Ed Ruscha (b. 1937)
signed, inscribed and dated 'E. Ruscha – 1967 gp' (lower left)
gunpowder on paper
22 5/8 x 29 in. (57.5 x 73.7 cm.)
Executed in 1967.
Betty Freeman, Los Angeles
Anon. sale; Sotheby's, New York, 15 November 2000, lot 277
Private collection
Acquired from the above by the present owner
E. Ruscha, They Called Her Styrene, London, 2000, n.p. (illustrated in color).
L. Turvey, Edward Ruscha: Catalogue Raisonné of the Works on Paper, Volume One: 1956-1976, New Haven, 2014, p. 197, no. D1967.53 (illustrated in color).
New York, Gagosian Gallery, Edward Ruscha: Romance with Liquids, Paintings 1966-1969, January-February 1993, pp. 41 and 88-89 (illustrated in color).
New York, Whitney Museum of American Art; Museum of Contemporary Art, Los Angeles and Washington, D.C., National Gallery of Art, Cotton Puffs, Q-Tips, Smoke and Mirrors: The Drawings of Ed Ruscha, June 2004-January 2005, pl. 64 (illustrated in color).

Ana Maria Celis

Lot Essay

Executed in in 1967, Grapes is one of Ed Ruscha’s earliest gunpowder drawings. The formal rigor of the rounded font combined with the artist’s unusual choice of medium demonstrates not only Ruscha’s perennial interest in the formal qualities of words, but also his investigations into the aesthetical and conceptual properties of different media. These inquiries would lead him to experiment with fruit juice, caviar, chocolate, and even blood, but it is his exquisitely rendered drawings using gunpowder that are widely regarded to be among his most successful works of this kind. This unconventional depiction of otherwise commonplace words is what lies at the heart of Ruscha’s oeuvre, as he examines both the visual and semantic resonance of everyday words and phrases.

In the present work, Ruscha spells out the word ‘grapes’ in a substantial and curvaceous serif font. The letters appear to resemble liquid, their smooth forms sitting proud on the surface of the sheet. Each of them possesses a series of gently rounded curves, yet—in some cases—the integrity of their silhouette is occasionally marked by a small interruption to the curved surface of the ‘liquid’ letter. Much like the subject matter themselves, the font Ruscha selects is juicy and curvaceous, almost inviting to be picked off the sheet. Yet, incongruous to this is Ruscha’s choice of medium; gray, smoky, gunpower softly realizes the shape of each letter, seemingly at opposites to the natural, verdant nature of the fruit itself.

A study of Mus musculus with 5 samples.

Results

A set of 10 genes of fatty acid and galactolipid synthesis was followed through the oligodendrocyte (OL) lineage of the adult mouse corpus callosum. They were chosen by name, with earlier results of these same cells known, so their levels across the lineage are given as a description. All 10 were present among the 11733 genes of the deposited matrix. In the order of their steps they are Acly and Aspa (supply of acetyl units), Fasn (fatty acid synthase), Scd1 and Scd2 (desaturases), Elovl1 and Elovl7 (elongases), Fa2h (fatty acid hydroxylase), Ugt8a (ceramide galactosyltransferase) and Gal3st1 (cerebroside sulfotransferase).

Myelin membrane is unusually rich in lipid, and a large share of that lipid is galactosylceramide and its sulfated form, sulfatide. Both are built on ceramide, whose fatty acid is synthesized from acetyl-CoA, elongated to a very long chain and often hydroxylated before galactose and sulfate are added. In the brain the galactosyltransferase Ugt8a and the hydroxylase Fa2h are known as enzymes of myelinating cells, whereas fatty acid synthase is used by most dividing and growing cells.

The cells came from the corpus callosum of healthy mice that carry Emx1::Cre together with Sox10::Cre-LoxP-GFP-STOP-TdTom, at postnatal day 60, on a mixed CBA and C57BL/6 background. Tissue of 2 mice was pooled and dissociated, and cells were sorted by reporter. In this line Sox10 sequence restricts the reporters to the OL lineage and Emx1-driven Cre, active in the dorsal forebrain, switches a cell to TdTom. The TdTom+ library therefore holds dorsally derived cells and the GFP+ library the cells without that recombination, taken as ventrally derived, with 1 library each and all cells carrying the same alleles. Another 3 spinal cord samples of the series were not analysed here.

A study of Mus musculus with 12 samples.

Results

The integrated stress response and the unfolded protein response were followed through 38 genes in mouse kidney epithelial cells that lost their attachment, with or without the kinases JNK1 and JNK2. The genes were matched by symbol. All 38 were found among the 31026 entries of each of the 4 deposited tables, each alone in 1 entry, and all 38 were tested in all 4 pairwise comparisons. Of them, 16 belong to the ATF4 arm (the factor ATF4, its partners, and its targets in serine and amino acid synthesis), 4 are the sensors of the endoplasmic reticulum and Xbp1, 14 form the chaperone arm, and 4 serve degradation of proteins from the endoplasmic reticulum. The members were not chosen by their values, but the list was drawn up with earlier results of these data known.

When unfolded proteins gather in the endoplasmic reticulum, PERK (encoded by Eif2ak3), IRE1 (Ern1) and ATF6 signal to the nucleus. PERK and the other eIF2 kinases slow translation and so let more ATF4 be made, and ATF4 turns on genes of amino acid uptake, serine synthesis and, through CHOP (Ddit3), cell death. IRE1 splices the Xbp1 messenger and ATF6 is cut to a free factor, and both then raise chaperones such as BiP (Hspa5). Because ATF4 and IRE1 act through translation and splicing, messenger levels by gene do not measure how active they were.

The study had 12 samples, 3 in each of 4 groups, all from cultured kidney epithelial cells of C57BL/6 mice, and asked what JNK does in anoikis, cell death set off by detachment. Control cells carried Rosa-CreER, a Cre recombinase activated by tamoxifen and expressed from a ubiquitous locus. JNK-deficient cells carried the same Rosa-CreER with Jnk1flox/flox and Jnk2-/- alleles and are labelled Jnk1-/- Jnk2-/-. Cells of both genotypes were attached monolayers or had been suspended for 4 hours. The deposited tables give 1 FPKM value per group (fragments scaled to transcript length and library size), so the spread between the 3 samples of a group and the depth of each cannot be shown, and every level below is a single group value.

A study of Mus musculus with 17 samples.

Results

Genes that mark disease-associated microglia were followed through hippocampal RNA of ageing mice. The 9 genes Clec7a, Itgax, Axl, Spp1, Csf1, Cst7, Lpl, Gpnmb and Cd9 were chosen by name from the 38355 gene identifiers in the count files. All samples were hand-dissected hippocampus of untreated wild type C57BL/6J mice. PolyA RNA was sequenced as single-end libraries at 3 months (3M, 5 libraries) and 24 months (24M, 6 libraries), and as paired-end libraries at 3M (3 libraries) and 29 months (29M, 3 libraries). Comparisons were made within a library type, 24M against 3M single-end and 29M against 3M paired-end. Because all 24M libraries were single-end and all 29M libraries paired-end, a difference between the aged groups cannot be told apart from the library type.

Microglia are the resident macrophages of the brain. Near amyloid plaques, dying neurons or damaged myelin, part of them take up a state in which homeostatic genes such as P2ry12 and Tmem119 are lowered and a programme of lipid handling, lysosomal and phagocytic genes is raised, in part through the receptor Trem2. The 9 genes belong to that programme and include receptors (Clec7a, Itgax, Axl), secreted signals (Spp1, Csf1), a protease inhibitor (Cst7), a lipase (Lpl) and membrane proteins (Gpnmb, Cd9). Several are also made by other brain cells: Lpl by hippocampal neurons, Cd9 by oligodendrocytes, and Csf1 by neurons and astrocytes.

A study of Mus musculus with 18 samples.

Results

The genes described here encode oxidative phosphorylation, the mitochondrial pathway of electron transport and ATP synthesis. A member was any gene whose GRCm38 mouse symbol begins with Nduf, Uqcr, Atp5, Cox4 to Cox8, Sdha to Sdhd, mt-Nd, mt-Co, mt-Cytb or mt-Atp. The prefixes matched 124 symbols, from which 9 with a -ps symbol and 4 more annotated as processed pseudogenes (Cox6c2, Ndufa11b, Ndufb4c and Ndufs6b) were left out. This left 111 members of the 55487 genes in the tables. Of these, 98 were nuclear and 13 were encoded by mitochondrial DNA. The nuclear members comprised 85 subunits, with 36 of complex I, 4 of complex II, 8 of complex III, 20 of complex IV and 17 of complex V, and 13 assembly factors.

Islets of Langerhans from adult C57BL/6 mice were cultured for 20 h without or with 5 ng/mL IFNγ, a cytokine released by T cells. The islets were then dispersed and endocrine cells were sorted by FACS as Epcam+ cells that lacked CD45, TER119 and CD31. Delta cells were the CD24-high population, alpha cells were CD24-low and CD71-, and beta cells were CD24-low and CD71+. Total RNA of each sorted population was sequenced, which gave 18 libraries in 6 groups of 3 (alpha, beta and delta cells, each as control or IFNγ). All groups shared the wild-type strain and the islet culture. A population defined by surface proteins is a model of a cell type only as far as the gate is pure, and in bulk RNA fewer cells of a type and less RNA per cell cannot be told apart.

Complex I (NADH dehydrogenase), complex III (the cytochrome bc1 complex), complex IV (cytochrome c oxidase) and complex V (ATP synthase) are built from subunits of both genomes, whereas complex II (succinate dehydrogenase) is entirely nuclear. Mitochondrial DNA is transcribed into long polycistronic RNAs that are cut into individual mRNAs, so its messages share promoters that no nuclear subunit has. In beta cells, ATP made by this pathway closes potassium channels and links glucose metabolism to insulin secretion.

Considered as a group, the gunpowder drawings have collectively been described as “one of Ruscha’s most important bodies of drawing” (L. Turvey, Edward Ruscha: Catalogue Raisonné of the Works on Paper, Volume 1, 1956-1976, New Haven, 2014, p. 23) and the present example an especially significant example, considering the artist’s self-confessed adulation of this ‘liquid’ form. The subject playfully predates the artist’s actual use of real vegetable and fruit juices as media in his work, as well as points, figuratively, toward the varied meanings and connotations of the word itself. Together with Cherry, Soda, and Pool, Grapes reminiscent of all things ripe and luscious, of California and the promise of the West. Yet, in depicting the sweetness of the fruit in gunpowder, the work becomes imbued with a considerable feeling of tension.

Having helped usher in the age of Pop while remaining vehemently individual to this day, Ed Ruscha’s masterful handling of text and image have influenced countless artists. Existing on the cusp of both Pop and Conceptual Art with a knack for paintings that reassess how words connect with photography, the artist’s unmistakable cool is readily apparent in the shadowy black-and-white nature of Grapes. Kerry Brougher notes, "Ruscha's words hover between the flat, transversal surfaces of the graphic artist and the longitudinal, deep-space world of landscape painting" (K. Brougher, Ed Ruscha, exh. cat., Washington, D.C., Hirshhorn Museum and Sculpture Garden, 2000, p. 161). By combining text that rests on the very surface of the picture plane with the infinite depth of scenes, Ruscha is able to question the nature of representation within the confines of illusionistic painting.